The discovery of a severed human ear found in a field leads a young man on an investigation related to a beautiful, mysterious nightclub singer and a group of psychopathic criminals who have kidnapped her child.
After a car wreck on the winding Mulholland Drive renders a woman amnesiac, she and a perky Hollywood-hopeful search for clues and answers across Los Angeles in a twisting venture beyond dreams and reality.
Joseph "John" Merrick is an intelligent and friendly man, but he is hated by his Victorian-era English society because he is severely deformed. Once he is discovered by a doctor, however, he is saved from his life in a freak show and he is treated like the human being that he really is.Written by
Joseph "John" Merrick's condition was undiagnosed at the time of his death. Later studies of his skeleton, and the casts made of his body, led researchers to suggest he suffered from neurofibromatosis (NF) type I, a genetic condition, from which one in four thousand people suffer. The NF Foundation used this movie as a fund-raising tool, and credited it with making the disease more widely known. Later examination, including CT scans of the skeleton, lead researchers to believe he suffered from Proteus syndrome, a much rarer condition than NF. A scientist, in 2001, speculated that Merrick may have suffered from a combination of neurofibromatosis type I and Proteus syndrome. In 2003, researchers used surviving DNA samples from Merrick in an attempt to determine his unique condition. However, these tests were inconclusive, and the cause of Joseph "John" Merrick's medical condition remains unknown. See more »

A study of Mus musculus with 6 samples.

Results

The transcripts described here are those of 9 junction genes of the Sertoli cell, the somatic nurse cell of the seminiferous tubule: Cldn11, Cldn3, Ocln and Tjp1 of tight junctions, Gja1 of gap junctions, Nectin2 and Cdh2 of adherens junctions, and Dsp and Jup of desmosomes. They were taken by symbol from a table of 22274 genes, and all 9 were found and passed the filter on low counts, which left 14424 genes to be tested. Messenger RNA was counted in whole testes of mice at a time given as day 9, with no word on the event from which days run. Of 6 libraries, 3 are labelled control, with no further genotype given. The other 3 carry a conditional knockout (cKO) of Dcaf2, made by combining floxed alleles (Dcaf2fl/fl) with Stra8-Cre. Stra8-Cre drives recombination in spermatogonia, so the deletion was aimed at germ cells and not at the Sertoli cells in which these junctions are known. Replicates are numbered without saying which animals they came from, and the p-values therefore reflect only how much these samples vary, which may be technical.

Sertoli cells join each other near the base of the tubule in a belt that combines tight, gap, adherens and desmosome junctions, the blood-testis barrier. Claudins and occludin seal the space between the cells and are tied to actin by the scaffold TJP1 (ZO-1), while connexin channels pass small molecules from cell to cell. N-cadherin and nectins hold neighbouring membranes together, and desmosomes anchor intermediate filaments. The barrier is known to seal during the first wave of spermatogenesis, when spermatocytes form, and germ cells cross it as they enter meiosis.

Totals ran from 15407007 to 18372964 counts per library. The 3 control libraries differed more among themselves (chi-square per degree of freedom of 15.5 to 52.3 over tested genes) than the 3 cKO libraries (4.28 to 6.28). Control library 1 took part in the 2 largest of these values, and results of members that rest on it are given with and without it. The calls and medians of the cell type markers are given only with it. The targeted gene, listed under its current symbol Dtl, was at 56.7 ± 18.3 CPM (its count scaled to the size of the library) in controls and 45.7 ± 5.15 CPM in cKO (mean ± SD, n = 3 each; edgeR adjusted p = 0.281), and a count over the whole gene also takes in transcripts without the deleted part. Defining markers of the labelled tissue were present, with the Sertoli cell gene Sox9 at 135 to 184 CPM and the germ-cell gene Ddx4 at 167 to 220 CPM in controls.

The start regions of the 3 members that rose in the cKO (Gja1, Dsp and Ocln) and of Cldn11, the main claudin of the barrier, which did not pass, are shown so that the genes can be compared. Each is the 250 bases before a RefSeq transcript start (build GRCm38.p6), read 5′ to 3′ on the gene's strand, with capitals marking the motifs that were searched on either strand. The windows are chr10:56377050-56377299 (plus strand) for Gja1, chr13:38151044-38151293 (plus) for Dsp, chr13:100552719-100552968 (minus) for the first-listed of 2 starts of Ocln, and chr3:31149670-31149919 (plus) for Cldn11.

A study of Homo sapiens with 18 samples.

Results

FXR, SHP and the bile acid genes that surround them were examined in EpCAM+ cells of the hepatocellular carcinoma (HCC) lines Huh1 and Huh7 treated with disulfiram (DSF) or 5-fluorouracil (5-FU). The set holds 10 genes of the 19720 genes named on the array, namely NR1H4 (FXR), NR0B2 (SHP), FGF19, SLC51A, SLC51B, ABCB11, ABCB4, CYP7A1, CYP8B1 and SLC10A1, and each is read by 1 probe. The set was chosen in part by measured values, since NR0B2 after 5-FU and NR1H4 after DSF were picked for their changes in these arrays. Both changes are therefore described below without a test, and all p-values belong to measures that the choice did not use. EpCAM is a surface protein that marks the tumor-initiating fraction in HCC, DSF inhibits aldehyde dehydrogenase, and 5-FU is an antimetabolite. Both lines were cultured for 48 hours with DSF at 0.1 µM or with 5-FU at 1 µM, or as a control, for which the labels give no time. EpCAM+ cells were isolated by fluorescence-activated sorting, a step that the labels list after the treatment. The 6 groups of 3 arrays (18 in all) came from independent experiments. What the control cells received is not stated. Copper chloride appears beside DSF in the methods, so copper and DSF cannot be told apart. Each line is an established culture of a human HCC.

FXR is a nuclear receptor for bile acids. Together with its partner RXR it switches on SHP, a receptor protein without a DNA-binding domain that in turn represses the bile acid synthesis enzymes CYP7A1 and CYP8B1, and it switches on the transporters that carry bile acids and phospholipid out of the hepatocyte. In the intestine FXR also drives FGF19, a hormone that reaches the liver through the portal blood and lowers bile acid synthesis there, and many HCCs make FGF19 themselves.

When Frederick Treves is bringing up the oatmeal to John Merrick and Carr Gomm startles him, he puts the oatmeal behind his back as to hide it from him. In the next shot he has the oatmeal in front of him and puts it behind his back again while he is walking towards Carr Gomm. See more »
Get rid of them! I don't want to see them!
Darling, don't be difficult! Let's take our sweet lovely children on an outing.
David Lynch's most accessible work. A truly remarkable film!
I first watched 'The Elephant Man' over twenty years ago, not long after it was released. It was the first David Lynch movie I ever saw, thought at the time I'd never even heard about 'Eraserhead' and knew nothing about the guy. I was incredibly impressed by the film, as I have been every time I watch it. Eventually I became a big Lynch fan, and could see the similarities between 'Eraserhead' and 'The Elephant Man', both visually and in their use of sound. Apart from that, they are very different movies. 'Eraserhead' still freaks most people out, but 'The Elephant Man' is arguably his most accessible film. It has heart and an emotional impact, something rare in Lynch's movies ('The Straight Story' is another exception). Anthony Hopkins is an actor I've frankly had it up to HERE with, especially after his increasingly hammy Dr. Hannibal Lecter, but boy, is he wonderful here! Probably his finest performance to date. Of course John Hurt is superb too, especially taking into consideration him having to work under pounds of make up. It's hard to fault anybody in the supporting cast, especially John Gielgud and Hannah Gordon, who plays Hopkins wife. Freddie Jones, who Lynch has worked with a few times since, is really evil as Bytes, and the late Michael Elphick ('The Element Of Crime', 'Withnail and I') plays another memorable baddie as the hospital's night porter. 'The Elephant Man' is a remarkable achievement. Lynch doesn't seem to have compromised his unique vision one bit and yet manages to make a genuinely moving drama about one of the screen's most unlikely heroes. I don't throw the term "masterpiece" around lightly but it's difficult not to use that word when describing this truly extraordinary film! Simply one of the best movies I've ever seen.